The International Women’s Day (IWD), a day set aside as one of the most important dates on the United Nations’ calendar, is here again. This important day, first marked in 1911 and celebrated annually on March 8, affords the world the opportunity to raise awareness on women’s equality, achievements and challenges, as well as lobby for accelerated gender parity.
The day has been used, since its inception, to raise issues that bother on women development. Women form an important part of our global society. However, the efforts of women have still not got to the point where it is appreciated and recognized fully by society.
Women over the years have moved from when they were only seen to be good for the kitchen to the point where they are now serving as CEOs and business managers. Dr. Ngozi Okonjo-Iweala recently emerged as the first woman and an African to lead the World Trade Organization as Director-General. Kamala Harris was recently elected as the first woman to take up the Vice-President position in the USA and the second most powerful person in the free world. Others such as Chimamanda Adichie of Nigeria, who has been described by Forbes as a woman who has been able to dissect, shape and create social dialogues across the globe, Ellen Johnson Sirleaf, the first woman president in Liberia, among others, are also doing their best.
A long way to go
Notwithstanding the development, the fight for gender parity is still far from being won. Global statistics, as of 2019, indicated that legal restrictions had kept 2.7 billion women from accessing the same choice of jobs as men, while less than 25 per cent of parliamentarians were women. A recent report published by a civil society organisation, Kandifo Institute, disclosed that as of October 2019, the global participation rate of women in national-level parliaments was 24.5 per cent, and in 2013 women accounted for eight per cent of all national leaders and two per cent of all presidential posts.
Also, 75 per cent of all female prime ministers and presidents have taken office in the past two decades, while 87 per cent of global mid-market companies had at least one woman in a senior management role in 2020. There are 33.1 per cent of women who are senior managers, 30.0 per cent executive managers, 30.2 per cent key management personnel and 17.1 per cent of CEOs or heads of businesses.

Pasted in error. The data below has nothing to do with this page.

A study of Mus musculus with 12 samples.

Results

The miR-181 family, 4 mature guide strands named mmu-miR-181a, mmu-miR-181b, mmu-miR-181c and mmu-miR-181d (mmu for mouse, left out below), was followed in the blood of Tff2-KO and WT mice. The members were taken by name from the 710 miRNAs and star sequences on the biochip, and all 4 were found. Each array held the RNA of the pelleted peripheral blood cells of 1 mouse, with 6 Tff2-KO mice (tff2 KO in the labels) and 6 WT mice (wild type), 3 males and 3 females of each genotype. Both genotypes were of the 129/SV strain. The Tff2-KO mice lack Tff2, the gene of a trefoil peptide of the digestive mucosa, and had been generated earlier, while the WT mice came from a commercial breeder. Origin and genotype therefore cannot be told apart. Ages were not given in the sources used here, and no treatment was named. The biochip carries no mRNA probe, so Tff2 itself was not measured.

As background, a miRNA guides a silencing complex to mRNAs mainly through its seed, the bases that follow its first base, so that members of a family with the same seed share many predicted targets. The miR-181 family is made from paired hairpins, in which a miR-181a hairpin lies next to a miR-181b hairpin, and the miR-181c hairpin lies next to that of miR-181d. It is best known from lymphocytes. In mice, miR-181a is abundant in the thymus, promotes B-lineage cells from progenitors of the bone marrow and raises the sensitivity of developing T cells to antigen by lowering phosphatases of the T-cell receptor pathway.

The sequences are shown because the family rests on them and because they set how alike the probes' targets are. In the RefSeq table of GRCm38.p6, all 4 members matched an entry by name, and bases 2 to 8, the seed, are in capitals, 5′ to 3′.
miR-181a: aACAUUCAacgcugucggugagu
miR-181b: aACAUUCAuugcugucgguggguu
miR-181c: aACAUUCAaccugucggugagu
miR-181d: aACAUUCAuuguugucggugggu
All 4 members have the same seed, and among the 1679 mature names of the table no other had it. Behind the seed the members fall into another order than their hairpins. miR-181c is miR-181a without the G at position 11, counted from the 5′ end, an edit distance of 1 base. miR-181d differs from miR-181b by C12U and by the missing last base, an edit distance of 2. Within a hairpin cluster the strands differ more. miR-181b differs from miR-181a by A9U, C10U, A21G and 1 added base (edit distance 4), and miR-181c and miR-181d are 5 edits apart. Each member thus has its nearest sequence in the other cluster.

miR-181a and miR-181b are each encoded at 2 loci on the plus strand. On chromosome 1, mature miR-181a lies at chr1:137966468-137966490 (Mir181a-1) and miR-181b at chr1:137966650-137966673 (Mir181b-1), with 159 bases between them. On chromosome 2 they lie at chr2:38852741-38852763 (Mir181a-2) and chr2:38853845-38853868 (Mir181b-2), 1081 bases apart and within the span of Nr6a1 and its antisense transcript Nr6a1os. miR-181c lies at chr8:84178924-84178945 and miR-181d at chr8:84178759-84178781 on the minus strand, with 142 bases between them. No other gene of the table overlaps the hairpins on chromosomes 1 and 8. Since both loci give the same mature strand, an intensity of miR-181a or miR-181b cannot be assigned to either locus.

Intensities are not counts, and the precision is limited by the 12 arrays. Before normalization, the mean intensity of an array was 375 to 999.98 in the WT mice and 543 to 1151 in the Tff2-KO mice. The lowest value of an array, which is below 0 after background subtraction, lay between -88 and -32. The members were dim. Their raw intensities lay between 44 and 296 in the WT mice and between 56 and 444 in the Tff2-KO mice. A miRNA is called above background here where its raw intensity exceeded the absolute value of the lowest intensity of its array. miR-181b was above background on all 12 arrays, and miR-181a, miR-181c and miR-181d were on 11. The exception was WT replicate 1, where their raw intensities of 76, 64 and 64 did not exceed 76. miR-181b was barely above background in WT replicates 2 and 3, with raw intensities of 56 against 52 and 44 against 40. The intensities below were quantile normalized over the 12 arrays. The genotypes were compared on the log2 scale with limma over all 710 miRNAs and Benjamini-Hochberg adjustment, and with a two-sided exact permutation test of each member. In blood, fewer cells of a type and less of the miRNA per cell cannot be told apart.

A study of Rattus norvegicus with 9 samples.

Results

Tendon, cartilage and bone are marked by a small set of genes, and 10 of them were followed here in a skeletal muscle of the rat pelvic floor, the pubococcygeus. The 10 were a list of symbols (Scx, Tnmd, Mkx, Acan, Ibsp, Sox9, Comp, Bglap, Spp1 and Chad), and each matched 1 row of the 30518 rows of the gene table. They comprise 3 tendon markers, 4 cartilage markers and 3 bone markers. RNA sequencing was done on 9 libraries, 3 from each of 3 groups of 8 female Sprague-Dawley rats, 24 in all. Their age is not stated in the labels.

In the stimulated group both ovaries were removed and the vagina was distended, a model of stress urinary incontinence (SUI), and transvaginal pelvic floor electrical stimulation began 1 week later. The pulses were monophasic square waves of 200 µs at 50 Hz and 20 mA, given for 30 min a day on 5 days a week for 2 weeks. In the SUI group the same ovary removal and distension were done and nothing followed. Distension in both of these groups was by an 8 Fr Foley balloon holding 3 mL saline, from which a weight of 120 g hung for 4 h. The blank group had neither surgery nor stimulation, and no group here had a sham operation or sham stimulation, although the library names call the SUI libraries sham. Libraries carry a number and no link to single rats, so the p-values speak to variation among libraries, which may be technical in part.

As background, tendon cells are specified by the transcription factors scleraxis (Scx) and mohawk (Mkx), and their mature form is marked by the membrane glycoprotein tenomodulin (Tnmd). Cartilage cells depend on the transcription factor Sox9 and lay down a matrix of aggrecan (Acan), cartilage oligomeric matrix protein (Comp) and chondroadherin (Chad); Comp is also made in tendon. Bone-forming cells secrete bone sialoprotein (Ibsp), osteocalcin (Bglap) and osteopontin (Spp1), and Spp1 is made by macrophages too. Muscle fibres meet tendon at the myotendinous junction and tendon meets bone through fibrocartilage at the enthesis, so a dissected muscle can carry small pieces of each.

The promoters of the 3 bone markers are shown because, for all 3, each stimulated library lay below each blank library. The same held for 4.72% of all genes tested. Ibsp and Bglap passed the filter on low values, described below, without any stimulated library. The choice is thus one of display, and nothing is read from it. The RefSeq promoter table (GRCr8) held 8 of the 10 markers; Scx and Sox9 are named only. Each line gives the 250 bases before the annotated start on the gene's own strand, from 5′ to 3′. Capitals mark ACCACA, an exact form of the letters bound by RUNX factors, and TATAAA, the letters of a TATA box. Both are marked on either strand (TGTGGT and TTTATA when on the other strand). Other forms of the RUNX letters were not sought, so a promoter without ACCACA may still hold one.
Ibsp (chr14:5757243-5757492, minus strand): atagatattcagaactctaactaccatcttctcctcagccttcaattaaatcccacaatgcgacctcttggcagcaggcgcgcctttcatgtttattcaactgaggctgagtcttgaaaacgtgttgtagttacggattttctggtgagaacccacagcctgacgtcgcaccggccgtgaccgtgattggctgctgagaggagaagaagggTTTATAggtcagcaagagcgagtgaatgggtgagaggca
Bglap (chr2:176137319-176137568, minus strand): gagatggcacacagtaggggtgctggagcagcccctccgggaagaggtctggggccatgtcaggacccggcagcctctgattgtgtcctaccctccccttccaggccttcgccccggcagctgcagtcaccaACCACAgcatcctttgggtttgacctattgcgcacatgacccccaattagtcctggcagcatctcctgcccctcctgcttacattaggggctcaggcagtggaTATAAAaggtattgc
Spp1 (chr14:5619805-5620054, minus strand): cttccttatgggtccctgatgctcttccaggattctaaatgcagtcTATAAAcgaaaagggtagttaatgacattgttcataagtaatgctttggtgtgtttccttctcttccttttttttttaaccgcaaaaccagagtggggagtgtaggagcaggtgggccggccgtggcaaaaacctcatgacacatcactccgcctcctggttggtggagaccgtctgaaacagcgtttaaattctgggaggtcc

There are still tons of women out there that are suffering great ordeals each and every day in society in every human endeavour that is mostly not spoken about and also not given the necessary attention. Mostly, because of the fear of losing social status and the stigma of being discriminated against, most women live in silence.
To deal with the question of inequality, Affirmative Action was introduced in response to demands by activists for measures to deal with persistent inequalities. The feminist dictionary (1985) defines the term affirmative action as “any institutional policy designed to open up white male dominated fields to larger number of women, blacks and other minority persons”. Affirmative action has also been defined as concrete steps that are taken not only to eliminate discrimination – whether in employment, education, or contracting – but also to attempt to redress the effects of past discrimination. The underlying motive for affirmative action is the Constitutional principle of equal opportunity, which holds that all persons have the right to equal access to self-development.
Ghana’s quest for equality led to the attempt to pass a law to promote equality in the country (Affirmative Action Bill). The bill has been in and out of Parliament for several years without any progress. Documentary analysis of the Affirmative Action (Gender Equality) Bill suggests that while the Bill may have some defects, when passed, it could address the issue of representativeness in the bureaucracy.
The object of the bill is to ensure the achievement of gender equality in political, social, economic, educational and cultural spheres in society. The bill contains 45 clauses dealing specifically with the issue of what can be done to improve women’s situation in the country through structural and policy changes.
The Minister of Gender, Children and Social Protection, Sara Adwoa Safo, when she appeared before the Appointment Committee of Parliament, indicated her willingness to re-lay the bill before Parliament for immediate action.
While acknowledging the fact that the Akufo-Addo government has been a government that is women-centric, and has developed policies that go to the heart of women development, I believe our party will achieve the most if we are able to bring this to fruition. As a party credited with the repeal of the Criminal Libel Law, passage and establishment of the Office of the Special Prosecutors Act and office, passage of the Right to Information Act, among other ground breaking laws, passing the Affirmative Action bill will cement out position as the true party with the interest of the people at heart.
As the National Women’s Organiser, I pledge my full support to the Gender Minister to ensure that this goes through, and I urge the MPs from our side to also support this effort.